A weekly grammar tip created by Student Success Center Peer Writing Tutors.
University of Houston-Victoria
by Nick Jobe
Subject/verb agreement errors occur when the subject of a sentence does not match in number (singular, plural) with the verb. There are many causes for this type of error; one of these is unfamiliarity with prepositional phrases. This grammar tip will discuss why knowing prepositions or prepositional phrases will help with subject/verb agreement.
The first thing you need to know is how to spot prepositions. The number of prepositions is high, and knowing what they are can be difficult. However, the following is a link to a list of common prepositions that can increase your familiarity with this part of speech: http://www.writingfix.com/wordlists/List_of_prepositions.pdf.
If you can identify prepositions, finding prepositional phrases is much easier. A prepositional phrase consists of a preposition followed by a noun phrase that is known as the object of the preposition. In the examples below, the preposition is italicized, and the noun phrase is underlined.
Ex. Around the mountain
Ex. Into the river
Ex. In the sky
Ex. During a rainstorm
Ex. Because of the pink flamingos
Now that you know what prepositional phrases might look like, it’s time to discuss their placement in a sentence.
Prepositions can fall anywhere in a sentence; the ones that are usually problematic (in terms making subject/verb agreement issues) are the ones that come between the subject and the verb. The following is an example of a correct sentence with a prepositional phrase between the subject and verb:
Ex. The Martian in the green hat runs from the spaceship.
The subject of the sentence is Martian. The verb is runs. The prepositional phrase is in the green hat. Because the Martian is singular, the verb must be singular, too. The tip here is to drop the prepositional phrase(s) from the sentence to leave just the subject and the verb.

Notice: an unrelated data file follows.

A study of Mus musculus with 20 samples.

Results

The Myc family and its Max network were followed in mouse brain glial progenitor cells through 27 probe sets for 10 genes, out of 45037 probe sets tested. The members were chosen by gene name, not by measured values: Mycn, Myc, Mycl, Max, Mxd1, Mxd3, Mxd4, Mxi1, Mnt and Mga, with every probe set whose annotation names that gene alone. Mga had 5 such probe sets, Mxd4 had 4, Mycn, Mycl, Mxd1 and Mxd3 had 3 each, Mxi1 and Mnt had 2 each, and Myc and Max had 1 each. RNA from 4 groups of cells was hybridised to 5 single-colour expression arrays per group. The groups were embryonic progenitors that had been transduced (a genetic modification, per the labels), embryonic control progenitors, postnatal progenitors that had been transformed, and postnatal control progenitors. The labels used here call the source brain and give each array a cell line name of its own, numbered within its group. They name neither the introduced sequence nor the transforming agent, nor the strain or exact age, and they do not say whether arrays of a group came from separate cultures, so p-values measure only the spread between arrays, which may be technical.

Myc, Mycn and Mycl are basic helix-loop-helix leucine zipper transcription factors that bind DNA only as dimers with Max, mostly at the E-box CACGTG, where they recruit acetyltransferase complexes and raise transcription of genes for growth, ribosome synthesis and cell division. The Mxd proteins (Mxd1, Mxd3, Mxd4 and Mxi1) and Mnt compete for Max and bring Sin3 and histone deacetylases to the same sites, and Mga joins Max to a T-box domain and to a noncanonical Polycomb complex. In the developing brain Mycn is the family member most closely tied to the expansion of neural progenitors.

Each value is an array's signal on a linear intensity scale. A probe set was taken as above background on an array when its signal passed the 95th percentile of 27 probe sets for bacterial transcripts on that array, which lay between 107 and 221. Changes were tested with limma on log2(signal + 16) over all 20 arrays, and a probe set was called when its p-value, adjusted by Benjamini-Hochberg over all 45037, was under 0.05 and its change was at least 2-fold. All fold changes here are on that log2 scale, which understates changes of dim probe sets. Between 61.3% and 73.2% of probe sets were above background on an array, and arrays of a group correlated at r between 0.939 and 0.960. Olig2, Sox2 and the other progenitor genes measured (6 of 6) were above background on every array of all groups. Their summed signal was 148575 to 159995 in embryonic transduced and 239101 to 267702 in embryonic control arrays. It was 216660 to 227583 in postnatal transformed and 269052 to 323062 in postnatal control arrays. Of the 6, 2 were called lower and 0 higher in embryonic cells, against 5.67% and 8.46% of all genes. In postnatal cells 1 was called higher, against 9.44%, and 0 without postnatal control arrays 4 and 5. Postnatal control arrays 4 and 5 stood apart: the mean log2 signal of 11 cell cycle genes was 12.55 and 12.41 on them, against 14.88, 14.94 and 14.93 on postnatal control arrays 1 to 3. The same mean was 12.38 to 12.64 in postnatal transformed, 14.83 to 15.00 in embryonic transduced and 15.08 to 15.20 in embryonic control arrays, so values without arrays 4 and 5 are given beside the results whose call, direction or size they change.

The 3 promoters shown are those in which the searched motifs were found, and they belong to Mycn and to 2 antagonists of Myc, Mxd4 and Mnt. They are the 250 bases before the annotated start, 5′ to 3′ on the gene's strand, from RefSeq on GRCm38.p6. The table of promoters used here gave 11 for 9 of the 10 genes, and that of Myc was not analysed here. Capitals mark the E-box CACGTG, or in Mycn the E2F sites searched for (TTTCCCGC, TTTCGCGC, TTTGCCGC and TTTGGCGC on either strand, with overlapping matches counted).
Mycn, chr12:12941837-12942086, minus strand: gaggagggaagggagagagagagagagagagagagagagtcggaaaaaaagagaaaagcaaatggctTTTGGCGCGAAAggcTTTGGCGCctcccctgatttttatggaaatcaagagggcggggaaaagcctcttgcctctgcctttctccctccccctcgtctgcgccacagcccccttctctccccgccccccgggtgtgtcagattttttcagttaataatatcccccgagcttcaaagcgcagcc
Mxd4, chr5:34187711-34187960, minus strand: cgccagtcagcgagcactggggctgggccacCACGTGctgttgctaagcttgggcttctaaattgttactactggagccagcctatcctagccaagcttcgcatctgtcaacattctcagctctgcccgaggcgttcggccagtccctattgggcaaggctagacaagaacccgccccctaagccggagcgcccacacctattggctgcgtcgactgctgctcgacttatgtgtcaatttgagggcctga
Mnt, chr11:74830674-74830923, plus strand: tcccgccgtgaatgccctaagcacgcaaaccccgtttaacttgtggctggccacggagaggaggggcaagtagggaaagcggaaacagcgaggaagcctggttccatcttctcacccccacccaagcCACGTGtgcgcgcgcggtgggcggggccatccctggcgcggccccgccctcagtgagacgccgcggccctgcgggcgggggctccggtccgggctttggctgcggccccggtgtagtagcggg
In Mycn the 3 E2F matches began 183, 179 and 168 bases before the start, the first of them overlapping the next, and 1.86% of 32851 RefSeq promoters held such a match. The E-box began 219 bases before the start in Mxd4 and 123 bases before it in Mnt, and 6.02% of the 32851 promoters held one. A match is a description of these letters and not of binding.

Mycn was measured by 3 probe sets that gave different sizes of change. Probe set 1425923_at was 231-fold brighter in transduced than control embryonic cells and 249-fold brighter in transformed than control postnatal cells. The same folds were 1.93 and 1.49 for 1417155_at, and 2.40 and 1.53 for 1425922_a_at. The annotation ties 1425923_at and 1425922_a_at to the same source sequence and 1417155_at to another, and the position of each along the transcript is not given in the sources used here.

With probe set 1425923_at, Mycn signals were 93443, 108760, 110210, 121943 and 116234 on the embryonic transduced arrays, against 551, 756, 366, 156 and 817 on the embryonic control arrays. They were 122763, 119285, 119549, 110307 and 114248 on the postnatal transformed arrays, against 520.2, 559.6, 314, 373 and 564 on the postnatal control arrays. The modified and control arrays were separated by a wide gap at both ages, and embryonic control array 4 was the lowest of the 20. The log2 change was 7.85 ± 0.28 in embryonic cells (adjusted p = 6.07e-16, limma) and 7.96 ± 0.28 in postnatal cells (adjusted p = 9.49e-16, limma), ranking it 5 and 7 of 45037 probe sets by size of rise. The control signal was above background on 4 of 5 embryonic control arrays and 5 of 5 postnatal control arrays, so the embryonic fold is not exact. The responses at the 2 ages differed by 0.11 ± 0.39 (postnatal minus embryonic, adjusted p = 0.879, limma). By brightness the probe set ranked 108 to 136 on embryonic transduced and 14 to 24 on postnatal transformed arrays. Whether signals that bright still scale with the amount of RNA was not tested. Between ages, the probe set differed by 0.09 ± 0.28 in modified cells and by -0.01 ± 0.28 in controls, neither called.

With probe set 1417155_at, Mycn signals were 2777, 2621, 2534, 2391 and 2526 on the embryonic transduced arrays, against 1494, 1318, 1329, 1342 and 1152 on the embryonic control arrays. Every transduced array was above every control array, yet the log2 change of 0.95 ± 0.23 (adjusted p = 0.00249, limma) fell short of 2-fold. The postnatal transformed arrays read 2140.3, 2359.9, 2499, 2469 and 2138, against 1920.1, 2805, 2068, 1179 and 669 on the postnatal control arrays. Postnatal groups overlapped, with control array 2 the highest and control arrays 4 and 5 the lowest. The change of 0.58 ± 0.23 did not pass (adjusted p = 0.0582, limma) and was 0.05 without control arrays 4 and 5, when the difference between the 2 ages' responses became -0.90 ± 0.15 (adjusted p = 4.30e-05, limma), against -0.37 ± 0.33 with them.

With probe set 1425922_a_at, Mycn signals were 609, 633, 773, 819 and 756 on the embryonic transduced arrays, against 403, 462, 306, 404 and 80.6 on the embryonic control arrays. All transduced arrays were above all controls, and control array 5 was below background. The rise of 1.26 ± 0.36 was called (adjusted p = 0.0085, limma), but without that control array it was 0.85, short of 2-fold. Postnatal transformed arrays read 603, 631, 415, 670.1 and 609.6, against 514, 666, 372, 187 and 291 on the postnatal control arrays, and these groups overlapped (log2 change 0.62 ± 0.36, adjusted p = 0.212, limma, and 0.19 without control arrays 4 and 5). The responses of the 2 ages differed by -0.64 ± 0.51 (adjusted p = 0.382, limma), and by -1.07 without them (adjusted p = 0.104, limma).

Ex. The Martian runs from the spaceship.
One way that prepositional phrases can get tricky when they fall in between the subject and the verb is when the subject is singular, but the prepositional phrase has a plural object.
Ex. The gelatin in the cardboard boxes is strawberry-flavored.
In the cardboard boxes is a prepositional phrase that falls in between the subject, gelatin, and the verb, is. Drop the prepositional phrase out to identify the subject (gelatin). Boxes is the plural object of the preposition. You might get confused and put the verb are instead of is, because are agrees with boxes. However, boxes isn’t the subject; gelatin is.
A preposition is a word that relates a noun or pronoun to another word in a sentence.
Prepositions include some of the most commonly used words in the English language, such as in, of, as, like, for, and to. Prepositions express relationships like location, direction, and classification.
|Recommended Grammar Website of the Week
by Nick Jobe
In addition to our website and our handout on Subject/Verb Agreement, we also recommend the following website: http://grammar.ccc.commnet.edu/grammar/sv_agr.htm. It goes into more detail on subject/verb agreement.
|Test Your Knowledge
by Nick Jobe
Determine whether the following sentences’ subjects and verbs agree.
1) The donkeys in the yard is sleeping.
2) The boys on the front porch are selling lemonade.
3) The teachers from the elementary school in the downtown area of the city is tired.
4) The banana-nut bread in the ovens smell wonderful.
1) Incorrect; The donkeys in the yard are sleeping.
2) Correct; boys and are agree.
3) Incorrect; The teachers from the elementary school in the downtown area of the city are tired.
4) Incorrect; The banana-nut bread in the ovens smells wonderful.